The uneven impact of actual enforcement measures tends to mirror and reinforce more general patterns of discrimination (along socioeconomic, racial and ethnic, sexual, and perhaps generational lines) within the society. As a consequence, such enforcement (ineffective as it may be in producing conformity) almost certainly reinforces feelings of alienation already prevalent within major segments of the population.
The torment of human frustration, whatever its immediate cause, is the knowledge that the self is in prison, its vital force and 'mangled mind' leaking away in lonely, wasteful self-conflict.
One of the many lessons that one learns in prison is, that things are what they are and will be what they will be.
Nothing can be more abhorrent to democracy than to imprison a person or keep him in prison because he is unpopular. This is really the test of civilization.
Kill a man, and you are an assassin. Kill millions of men, and you are a conqueror. Kill everyone, and you are a God.
The English laws punish vice; the Chinese laws do more, they reward virtue.
If you want total security, go to prison. There you’re fed, clothed, given medical care and so on. The only thing lacking…is freedom.
Nor stony tower, nor walls of beaten brass, Nor airless dungeon, nor strong links of iron, Can be retentive to the strength of spirit; But life, being weary of these worldly bars, Never lacks power to dismiss itself.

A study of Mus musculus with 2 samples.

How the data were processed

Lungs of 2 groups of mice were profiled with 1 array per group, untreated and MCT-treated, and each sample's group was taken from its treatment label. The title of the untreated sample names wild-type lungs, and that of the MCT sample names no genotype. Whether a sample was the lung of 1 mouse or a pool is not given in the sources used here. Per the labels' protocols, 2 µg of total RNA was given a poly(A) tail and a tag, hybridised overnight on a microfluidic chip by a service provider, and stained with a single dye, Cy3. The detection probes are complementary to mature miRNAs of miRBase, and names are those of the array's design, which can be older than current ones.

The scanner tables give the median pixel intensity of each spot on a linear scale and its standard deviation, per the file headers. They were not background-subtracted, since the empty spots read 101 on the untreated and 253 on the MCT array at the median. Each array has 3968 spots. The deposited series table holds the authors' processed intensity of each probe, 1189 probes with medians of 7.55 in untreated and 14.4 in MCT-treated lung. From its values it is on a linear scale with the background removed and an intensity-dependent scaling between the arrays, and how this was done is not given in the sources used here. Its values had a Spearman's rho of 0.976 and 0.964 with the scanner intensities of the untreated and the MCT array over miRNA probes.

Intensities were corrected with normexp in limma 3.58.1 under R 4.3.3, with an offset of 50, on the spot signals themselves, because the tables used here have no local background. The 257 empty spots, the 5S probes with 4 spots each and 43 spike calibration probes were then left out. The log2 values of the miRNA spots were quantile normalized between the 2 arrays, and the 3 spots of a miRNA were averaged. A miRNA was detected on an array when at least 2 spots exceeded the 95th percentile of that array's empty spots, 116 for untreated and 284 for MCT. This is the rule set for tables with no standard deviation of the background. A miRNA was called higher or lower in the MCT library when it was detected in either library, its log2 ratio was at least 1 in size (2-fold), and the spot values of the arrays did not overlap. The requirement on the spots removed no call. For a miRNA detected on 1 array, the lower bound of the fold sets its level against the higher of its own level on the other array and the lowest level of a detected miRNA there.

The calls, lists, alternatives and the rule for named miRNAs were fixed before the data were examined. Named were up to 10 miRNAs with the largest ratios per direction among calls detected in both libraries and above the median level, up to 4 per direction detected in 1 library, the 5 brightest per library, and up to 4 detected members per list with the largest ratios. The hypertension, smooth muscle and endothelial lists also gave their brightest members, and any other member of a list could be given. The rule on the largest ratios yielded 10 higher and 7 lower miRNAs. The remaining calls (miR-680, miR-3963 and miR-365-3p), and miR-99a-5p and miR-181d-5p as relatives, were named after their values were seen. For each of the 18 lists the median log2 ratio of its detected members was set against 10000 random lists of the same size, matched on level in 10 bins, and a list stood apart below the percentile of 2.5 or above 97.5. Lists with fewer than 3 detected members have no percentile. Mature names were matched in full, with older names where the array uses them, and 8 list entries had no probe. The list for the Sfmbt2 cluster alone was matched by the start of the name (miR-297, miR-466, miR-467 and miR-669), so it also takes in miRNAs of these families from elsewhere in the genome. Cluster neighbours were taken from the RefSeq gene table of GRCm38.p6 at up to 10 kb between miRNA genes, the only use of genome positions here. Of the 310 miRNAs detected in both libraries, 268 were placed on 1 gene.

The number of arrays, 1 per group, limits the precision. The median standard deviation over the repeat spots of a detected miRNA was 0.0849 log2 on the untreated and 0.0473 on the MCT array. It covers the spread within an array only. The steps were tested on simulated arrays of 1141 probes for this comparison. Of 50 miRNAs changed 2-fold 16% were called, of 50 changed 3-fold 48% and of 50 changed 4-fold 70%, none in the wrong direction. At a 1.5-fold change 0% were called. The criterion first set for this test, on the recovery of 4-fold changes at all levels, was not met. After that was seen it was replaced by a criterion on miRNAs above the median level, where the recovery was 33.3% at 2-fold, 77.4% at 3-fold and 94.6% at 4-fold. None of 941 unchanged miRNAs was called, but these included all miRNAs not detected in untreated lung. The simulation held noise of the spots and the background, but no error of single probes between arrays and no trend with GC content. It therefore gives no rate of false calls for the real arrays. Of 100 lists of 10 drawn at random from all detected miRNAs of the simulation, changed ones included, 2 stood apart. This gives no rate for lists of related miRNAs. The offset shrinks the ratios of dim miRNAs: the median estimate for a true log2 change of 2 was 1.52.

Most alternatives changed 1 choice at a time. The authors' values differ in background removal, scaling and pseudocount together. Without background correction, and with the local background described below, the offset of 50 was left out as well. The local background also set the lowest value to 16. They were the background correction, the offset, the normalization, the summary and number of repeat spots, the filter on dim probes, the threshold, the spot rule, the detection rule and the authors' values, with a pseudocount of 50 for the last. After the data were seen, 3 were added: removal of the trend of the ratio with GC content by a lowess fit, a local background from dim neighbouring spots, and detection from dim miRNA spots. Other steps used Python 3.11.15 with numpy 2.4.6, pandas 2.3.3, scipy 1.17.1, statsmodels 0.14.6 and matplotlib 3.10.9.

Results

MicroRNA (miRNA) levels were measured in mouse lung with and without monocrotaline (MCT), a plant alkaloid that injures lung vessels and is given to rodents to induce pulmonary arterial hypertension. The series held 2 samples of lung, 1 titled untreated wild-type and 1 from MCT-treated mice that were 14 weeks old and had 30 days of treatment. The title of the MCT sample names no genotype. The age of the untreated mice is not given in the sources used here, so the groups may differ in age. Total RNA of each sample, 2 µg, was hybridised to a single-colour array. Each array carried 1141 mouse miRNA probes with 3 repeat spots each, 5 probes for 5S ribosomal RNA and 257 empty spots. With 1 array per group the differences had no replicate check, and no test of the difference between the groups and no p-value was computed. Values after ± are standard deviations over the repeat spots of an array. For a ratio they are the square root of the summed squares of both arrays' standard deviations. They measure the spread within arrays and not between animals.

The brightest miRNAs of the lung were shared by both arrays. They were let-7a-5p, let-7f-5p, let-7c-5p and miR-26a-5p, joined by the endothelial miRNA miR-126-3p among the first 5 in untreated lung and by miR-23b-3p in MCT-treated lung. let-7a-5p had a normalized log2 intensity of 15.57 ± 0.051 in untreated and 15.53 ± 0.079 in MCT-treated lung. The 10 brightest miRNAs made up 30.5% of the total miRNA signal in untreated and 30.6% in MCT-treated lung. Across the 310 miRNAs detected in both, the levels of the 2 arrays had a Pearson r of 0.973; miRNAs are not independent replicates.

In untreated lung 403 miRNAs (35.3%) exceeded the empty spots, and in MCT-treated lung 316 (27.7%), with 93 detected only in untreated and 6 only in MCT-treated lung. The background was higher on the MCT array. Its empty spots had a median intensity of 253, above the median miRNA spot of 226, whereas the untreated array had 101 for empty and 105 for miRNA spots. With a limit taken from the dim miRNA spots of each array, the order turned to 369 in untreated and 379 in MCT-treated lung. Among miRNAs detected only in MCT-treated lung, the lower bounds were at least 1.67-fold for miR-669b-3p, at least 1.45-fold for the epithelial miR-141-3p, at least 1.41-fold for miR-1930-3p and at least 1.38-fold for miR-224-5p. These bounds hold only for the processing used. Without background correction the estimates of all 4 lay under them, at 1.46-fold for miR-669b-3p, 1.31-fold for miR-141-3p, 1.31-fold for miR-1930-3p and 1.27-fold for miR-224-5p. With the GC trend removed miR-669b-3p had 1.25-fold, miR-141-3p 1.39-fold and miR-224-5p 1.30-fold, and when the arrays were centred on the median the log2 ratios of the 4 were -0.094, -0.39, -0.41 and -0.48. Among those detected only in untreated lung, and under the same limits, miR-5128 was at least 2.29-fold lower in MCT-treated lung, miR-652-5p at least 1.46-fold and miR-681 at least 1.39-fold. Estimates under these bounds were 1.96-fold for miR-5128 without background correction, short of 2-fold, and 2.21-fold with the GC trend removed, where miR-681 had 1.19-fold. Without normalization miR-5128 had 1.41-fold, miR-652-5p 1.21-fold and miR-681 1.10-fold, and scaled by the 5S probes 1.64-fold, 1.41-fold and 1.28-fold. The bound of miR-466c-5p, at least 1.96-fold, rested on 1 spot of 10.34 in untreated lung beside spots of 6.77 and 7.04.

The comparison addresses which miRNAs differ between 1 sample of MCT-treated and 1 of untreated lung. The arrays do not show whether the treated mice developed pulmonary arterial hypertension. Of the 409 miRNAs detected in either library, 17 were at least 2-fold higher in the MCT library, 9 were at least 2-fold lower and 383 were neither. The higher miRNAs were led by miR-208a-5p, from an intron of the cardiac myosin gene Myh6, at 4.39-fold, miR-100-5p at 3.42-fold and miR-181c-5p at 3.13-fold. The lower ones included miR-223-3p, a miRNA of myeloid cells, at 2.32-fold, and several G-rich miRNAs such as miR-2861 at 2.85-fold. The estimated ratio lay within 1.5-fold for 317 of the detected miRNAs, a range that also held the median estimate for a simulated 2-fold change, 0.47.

When you are younger you get blamed for crimes you never committed and when you're older you begin to get credit for virtues you never possessed. It evens itself out.
Crimes lead one into another; they who are capable of being forgers are capable of being incendiaries.
Wicked deeds are generally done, even with impunity, for the mere desire of occupation.
There are few better measures of the concern a society has for its individual members and its own well being than the way it handles criminals.
We shall not yield to violence. We shall not be deprived of union freedoms. We shall never agree with sending people to prison for their convictions.
The only real prison is fear, and the only real freedom is freedom from fear.
Probably the only place where a man can feel really secure is in a maximum security prison, except for the imminent threat of release.
It is not at the table, but in prison, that you learn who your true friends are.
Justice is that virtue of the soul which is distributive according to desert.
Prosecution I have managed to avoid; but I have been arrested, charged in a police court, have refused to be bound over, and thereupon have been unconditionally released - to my great regret; for I have always wanted to know what going to prison was like.
Why would anyone expect him to come out smarter? He went to prison for three years, not Princeton.